Gary C

 

VERAULT

 

Chuck(G)

There is, however a third possibility. Damage the unit irrecoverably so that it could not be refurbed and sold as new. That practice pre-dates the PC market by quite some time. I witnessed CEs taking sledgehammers to disk drives to render them unsalvageable.
 

Eudimorphodon


The lore is that this is what Apple did with all the trade-ins of Apple 1s for IIs, and it’s why it’s my pet theory that this either was a sold unit (maybe as part of the byte shop order that happened to be on a PCB from a preliminary test batch) or a shop mule that met the reaper that way but for whatever reason someone snagged this hunk as a souvenir. It might have been kicking around a cubicle for years, heaven knows I’ve kept some stupid stuff.

(Still have in the garage a milled aluminum prototype of the faceplates a company I used to work for bolted onto rack servers to turn them into “appliances“. Kept it because of a stupid joke we made about it during a company meeting that embarrassed them enough to change the color.)

A good question is if anyone actually involved with this legendary destruction is still alive and remembers doing it, I guess.
 


my pet theory.. it was done by someone that is left-handed.

the cut was done with a hacksaw from the back, they sawed through a bit of the ceramic cap
if that is true, the way the cut was made would have made sense for someone holding the saw in their left hand
 

Gary C


the cut was done with a hacksaw from the back, they sawed through a bit of the ceramic cap
if that is true, the way the cut was made would have made sense for someone holding the saw in their left hand
It is cut isn't it. The cut to the top thick track is just too straight to be broken.
 

falter


If he can't (or won't) authenticate something he made, that must tell the auction house (and the bidders) something...

Dave
I know memory is not 100% reliable and even to the founders of historical companies the prototypes are not always memorialized well. After Al dumped the two good ROMs from the Sol prototype, I went to Lee Felsenstein and Bob Marsh both to ask what the prototype's "firmware" enabled it to do exactly, since we didn't have the third ROM where much of the code was, as it had been damaged. Neither could remember any functionality, and Bob had had the thing in his possession for 40 years at that point. So yes, Woz could potentially be wrong. Over the years he's said a number of things that are demonstrably, almost laughably wrong.

That said, if I were bidding, would I take the word of a well respected expert who did not actually work on any of these things and was in short pants when the Apple 1 was being produced, over *3* guys who were directly involved? If I were placing a premium on that board being the one in the Polaroids, that would give me pause.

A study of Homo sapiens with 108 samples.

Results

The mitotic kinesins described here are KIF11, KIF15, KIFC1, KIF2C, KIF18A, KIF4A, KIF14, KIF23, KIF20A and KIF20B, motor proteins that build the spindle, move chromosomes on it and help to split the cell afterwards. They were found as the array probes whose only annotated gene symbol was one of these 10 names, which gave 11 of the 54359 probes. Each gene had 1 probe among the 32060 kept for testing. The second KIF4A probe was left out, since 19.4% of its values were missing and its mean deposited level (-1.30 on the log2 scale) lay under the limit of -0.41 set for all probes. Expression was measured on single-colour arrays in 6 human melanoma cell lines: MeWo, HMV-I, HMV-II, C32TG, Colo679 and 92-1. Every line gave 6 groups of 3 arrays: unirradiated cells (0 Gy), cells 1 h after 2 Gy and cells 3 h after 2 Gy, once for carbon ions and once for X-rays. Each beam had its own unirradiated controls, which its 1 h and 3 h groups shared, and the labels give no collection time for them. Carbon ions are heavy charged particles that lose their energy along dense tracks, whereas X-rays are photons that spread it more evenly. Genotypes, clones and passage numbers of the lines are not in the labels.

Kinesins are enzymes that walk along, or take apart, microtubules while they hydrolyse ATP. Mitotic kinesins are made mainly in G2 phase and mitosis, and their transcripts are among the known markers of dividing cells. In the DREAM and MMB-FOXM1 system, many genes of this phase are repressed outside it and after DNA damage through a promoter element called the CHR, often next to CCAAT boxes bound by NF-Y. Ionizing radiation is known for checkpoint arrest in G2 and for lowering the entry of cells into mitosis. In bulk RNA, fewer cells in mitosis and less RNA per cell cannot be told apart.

I've thought of all kinds of scenarios to explain this board's existence, from straight up it-is-what-it-is to outright forgery. Near as I can tell, they're all plausible. We don't have any photos of the backside of the board and the photos we do have are old, poorly lit Polaroids. For all we know someone could have gotten their hands on the photo negatives used for etching and banged off a board or two for themselves. I know of at least a couple of cases in the past where something like this happened. I've spoken to past employees who were allowed and even encouraged, as a perk of the job, to put something together for themselves. That may be how my Osborne 1 has that weird 'pre production' board in it.

While I deeply respect Corey's expertise, experts do get it wrong sometimes. If I were the auction house, I'd take the hit and modify the description to be less unequivocal and just say it's *a* pre-production prototype board, not *the* prototype, and leave it at that. There seems to be enough consensus among all the parties who would be in the know that it's at least that. Otherwise, they'd better hope another prototype board that looks more like the one in the photo doesn't pop up one day. I can imagine it would get quite ugly if it did.
 

oldpcguy

 

VERAULT

 

Eudimorphodon


Not saying this to defend this ridiculousness, but it's how this market works. If I discovered a 500 year old piece of early Renaissance toilet paper that I could absolutely prove was smeared with Leonardo Da Vinci's leftovers, well, not going to say it's going to be worth as much as the Mona Lisa, but find me a good auction house and someone will give me a positively ridiculous amount of money for it simply because it's a "Da Vinci". Heck, I might even get some bonus points for it being such a unique offering in an unusual medium, but... again, it is just the name they're buying and in its own disgusting way it's interchangeable with the rest of his body of work.